UPDATE, AUGUST 9, 2019: New photos of Lady D reveal significant external damage. Investigators continue to review the cause of the fire. Therefore, reports of a total loss are not necessarily true.
Read on for our original article.
A fire broke out aboard the megayacht Lady D in the early morning hours today in Thailand. The 185-footer (56.39-meter), a four-decade-old vessel that formerly was a commercial ship, is still floating. However, the assessment of the damage, and an investigation into its cause, is ongoing.
Lady D was at the Ao Po Grand Marina in northern Phuket. Gordon Fernandes, the head of Asia Pacific Superyachts in Phuket and Myanmar, which was assisting the yacht, issued a written statement about the incident. “Marina staff were notified of the fire at 8:25 a.m. this morning and called the local fire department and also called the marine police for assistance,” he says.
While Fernandes adds that firefighters arrived on scene, and the fire eventually was put out, multiple newspaper reports provide further insight. According to the Bangkok Post and others, crewmembers first attempted to extinguish the flames. They were unsuccessful. Firefighters ordered the crew to untie Lady D from the dock, concerned about the fire spreading. In addition, the reports state, the firemen were unable to reach the dock with their trucks. Lady D was docked at the far end of a marina pier.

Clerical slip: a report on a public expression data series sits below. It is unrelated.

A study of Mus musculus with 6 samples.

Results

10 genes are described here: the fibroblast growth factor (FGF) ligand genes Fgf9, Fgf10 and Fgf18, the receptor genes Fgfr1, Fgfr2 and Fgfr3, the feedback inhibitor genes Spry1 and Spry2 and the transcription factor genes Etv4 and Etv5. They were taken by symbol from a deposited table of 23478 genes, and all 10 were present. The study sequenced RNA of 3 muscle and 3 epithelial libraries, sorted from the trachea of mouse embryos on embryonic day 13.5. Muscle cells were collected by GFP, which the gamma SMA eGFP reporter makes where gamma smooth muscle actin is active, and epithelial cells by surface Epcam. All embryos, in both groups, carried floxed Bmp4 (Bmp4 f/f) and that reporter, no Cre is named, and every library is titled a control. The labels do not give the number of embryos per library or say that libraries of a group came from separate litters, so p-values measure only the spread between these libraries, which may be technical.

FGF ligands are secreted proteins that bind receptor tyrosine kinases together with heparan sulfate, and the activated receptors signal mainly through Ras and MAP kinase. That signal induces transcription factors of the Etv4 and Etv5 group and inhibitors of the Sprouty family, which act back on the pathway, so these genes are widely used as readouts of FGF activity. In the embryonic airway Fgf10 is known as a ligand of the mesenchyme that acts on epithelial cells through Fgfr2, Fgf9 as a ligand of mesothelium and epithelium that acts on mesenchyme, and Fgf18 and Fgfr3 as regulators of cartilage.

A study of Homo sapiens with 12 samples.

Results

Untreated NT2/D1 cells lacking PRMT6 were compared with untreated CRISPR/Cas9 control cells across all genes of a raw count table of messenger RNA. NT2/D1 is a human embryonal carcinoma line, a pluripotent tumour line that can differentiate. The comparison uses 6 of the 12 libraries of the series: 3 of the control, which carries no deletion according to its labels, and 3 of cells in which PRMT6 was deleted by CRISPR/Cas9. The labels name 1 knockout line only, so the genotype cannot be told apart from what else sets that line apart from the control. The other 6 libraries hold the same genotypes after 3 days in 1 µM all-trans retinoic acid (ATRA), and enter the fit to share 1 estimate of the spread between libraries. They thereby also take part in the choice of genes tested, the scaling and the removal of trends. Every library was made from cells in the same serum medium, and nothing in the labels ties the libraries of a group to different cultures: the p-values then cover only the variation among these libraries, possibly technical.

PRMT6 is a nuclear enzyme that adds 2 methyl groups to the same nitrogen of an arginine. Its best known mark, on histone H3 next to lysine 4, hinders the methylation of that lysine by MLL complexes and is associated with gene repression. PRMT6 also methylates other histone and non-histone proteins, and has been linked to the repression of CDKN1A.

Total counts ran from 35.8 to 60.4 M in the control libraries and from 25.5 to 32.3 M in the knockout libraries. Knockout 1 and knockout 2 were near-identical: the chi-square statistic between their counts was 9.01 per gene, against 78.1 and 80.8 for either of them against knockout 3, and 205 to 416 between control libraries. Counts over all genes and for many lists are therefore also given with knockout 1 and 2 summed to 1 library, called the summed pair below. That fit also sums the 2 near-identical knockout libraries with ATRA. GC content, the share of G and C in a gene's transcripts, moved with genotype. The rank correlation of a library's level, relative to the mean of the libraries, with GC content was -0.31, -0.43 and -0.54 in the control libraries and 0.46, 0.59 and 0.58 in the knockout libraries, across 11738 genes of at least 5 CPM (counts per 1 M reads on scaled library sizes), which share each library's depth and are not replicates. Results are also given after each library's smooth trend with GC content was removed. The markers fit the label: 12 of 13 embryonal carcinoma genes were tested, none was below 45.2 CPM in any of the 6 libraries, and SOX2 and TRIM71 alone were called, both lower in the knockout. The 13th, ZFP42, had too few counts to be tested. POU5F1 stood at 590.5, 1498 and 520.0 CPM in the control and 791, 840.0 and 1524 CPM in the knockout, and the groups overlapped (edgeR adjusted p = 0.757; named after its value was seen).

Both Fernandes and the newspapers say no injuries or deaths resulted.
There’s no official confirmation yet on how the fire began, nor where it started. The newspapers relate eyewitness accounts of flames beginning aft, however, and spreading upwards.
The Bangkok Post adds that officials planned to tow the yacht to a nearby uninhabited island for additional safety reasons.
Lady D is a former offshore supply vessel. She initially launched in 1976, under the name Salem, at Quality Shipbuilders in Mississippi. She delivered crew to and from oil fields. In 1989, a yacht owner had her converted for luxury use. Bearing the name Quest, the megayacht later changed names to Lady J. She became Lady D in 2008.